This weekend’s Saturday Selection of posts from around the web that are worth a read brings us a good tip to avoid a costly bank mistake, eight dollars well spent if your Disney+ subscription can score you a big discount on your Disney stay, hope for booking Swiss First Class awards and more.
Miles Earn and Burn gives a great tip that’s really wrapped in a more general piece of advice for those engaging in manufactured spending techniques: ramp up slowly and understand what can go wrong before you make mistakes. Beyond the inconvenience of a checking account shut down, you could be risking credit card and investment account shut downs from the associated bank and a longer-than-you-want hassle to get it all straightened out. The race is long; pace yourself.
How Chrome Autofill Made A Mess Of My Recent Application
While we’re on mistakes to avoid, watch out for Chrome autofill. Mark at Miles to Memories covers a mistake that I have nearly made at least a dozen times: letting Chrome autofill the address (and then not checking to make sure it didn’t replace the name of the applicant). Nowadays, I usually go field-by-field when filling in credit card and bank account applications and I save the autofill for shopping carts, but even despite that I’ve accidentally touched the wrong place and had it autofill and replace stuff, so I can totally see how this happened. The end result is interesting, but I’d probably avoid getting names and SSNs commingled.
Flyertalk user cfischer uncovered some award space that is reported here by Matthew Klint at Live and Let’s Fly for a redemption that could be of interest: Swiss first class award space has shown up on United.com on at least a few dates. That’s notable because Swiss typically does not release first class award space to partner airlines. Live and Let’s Fly found this space very close to departure. I don’t think the pattern has held up, but if you have flexibility and a desire to fly a first class fare that many award enthusiasts covet but can’t book, it’s worth keeping an eye out in case this history repeats itself in the future.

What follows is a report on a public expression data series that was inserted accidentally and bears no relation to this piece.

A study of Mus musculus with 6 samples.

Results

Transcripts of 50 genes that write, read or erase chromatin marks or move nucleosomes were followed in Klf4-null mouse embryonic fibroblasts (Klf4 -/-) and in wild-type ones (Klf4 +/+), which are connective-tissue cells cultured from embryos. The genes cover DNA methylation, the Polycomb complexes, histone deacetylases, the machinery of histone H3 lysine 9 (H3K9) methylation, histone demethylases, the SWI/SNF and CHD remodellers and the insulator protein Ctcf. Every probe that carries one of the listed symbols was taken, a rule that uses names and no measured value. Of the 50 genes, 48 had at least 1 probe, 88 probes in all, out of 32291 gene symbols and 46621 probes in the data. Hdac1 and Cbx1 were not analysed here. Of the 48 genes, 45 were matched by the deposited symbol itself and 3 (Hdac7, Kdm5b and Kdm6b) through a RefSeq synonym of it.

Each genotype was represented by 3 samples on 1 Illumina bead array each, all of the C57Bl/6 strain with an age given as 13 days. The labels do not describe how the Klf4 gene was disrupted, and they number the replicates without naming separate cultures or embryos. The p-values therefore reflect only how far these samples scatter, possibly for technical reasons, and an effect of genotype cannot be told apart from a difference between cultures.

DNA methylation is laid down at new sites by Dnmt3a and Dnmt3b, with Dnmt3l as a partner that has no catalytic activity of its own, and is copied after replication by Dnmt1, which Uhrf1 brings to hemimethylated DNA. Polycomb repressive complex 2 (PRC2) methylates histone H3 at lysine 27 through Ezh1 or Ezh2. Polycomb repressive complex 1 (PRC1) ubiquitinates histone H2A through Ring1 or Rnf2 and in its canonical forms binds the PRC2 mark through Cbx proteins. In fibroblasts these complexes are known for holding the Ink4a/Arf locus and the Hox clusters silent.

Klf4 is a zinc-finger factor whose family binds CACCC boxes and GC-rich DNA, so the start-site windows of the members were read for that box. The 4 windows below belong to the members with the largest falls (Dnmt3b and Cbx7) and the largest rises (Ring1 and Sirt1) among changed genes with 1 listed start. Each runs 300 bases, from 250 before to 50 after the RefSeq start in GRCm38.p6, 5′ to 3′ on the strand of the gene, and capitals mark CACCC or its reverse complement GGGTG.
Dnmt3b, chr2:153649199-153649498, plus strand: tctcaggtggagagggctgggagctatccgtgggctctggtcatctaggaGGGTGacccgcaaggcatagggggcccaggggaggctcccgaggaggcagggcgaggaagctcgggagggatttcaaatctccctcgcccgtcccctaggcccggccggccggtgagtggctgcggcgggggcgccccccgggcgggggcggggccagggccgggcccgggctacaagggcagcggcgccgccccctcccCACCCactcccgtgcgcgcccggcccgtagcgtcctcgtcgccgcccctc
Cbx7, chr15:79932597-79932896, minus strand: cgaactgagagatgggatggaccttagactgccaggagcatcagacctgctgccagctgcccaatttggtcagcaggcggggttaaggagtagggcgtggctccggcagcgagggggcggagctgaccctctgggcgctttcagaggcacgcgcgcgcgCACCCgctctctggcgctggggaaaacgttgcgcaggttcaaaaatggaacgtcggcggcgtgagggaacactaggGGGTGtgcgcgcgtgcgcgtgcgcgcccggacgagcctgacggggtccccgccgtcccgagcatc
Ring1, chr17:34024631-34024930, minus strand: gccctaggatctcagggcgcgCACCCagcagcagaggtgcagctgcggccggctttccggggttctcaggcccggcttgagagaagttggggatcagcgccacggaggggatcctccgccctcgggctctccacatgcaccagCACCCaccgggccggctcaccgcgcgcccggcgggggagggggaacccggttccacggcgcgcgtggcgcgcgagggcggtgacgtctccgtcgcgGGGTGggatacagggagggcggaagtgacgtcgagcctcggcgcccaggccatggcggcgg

This post from View from the Wing caught my eye because just last week I found myself on the asking end of this equation. My family was flying home from visiting family. We had originally booked on Southwest (we usually fly Southwest domestically), but I had meant to book Wanna Get Away Plus for a free same-day change to a not-7am-departure only to realize late in the game that I had booked Wanna Get Away. I found that American Airlines had a very well-timed 3pm departure for 12.5K miles per person, but I couldn’t get the three seats together than we needed. I kept a close eye on the seating chart, checking each day during the week before departure until I finally got a window and middle seat and the aisle seat on the opposite side of the aisle. I hoped that whomever had the aisle seat on our side would be OK with switching to the opposite side of the aisle (and since I had a lap infant on my lap in the middle seat, I figured that they would probably be happy not to have to sit next to me). The young woman with the seat to my left was happy to switch with my wife — as long as she was still getting an aisle seat out of the deal. That’s exactly what I was counting on and it has to be the central part of your strategy if you’re hoping to nicely ask someone to do you a favor and switch — either having something identical or better to trade. In this case, I had both: an aisle seat in the same row of the plane was an identical product for her purposes and it was better in the sense that it wasn’t next to an infant. I doubt she’d have been willing to switch if she would have been stuck with a window or middle seat — and ultimately, I was prepared to offer her a few bucks if she was reluctant to switch to see if that could have persuaded her.
Summer Hull at The Points Guy covers why you might want to pick up Disney+ before you book a trip to a Disney resort: you could score a pretty sizable discount on your stay (at least through September 30th). I am not a Disney expert myself, but I believe that there are some other options to save at a Disney resort, so don’t forget to shop around. Still, Disney discounts are often pretty limited, so if you’re planning to visit the House of the Mouse, it might be worth spending eight bucks on a month of Disney+ to compare the discount against whatever else you can find.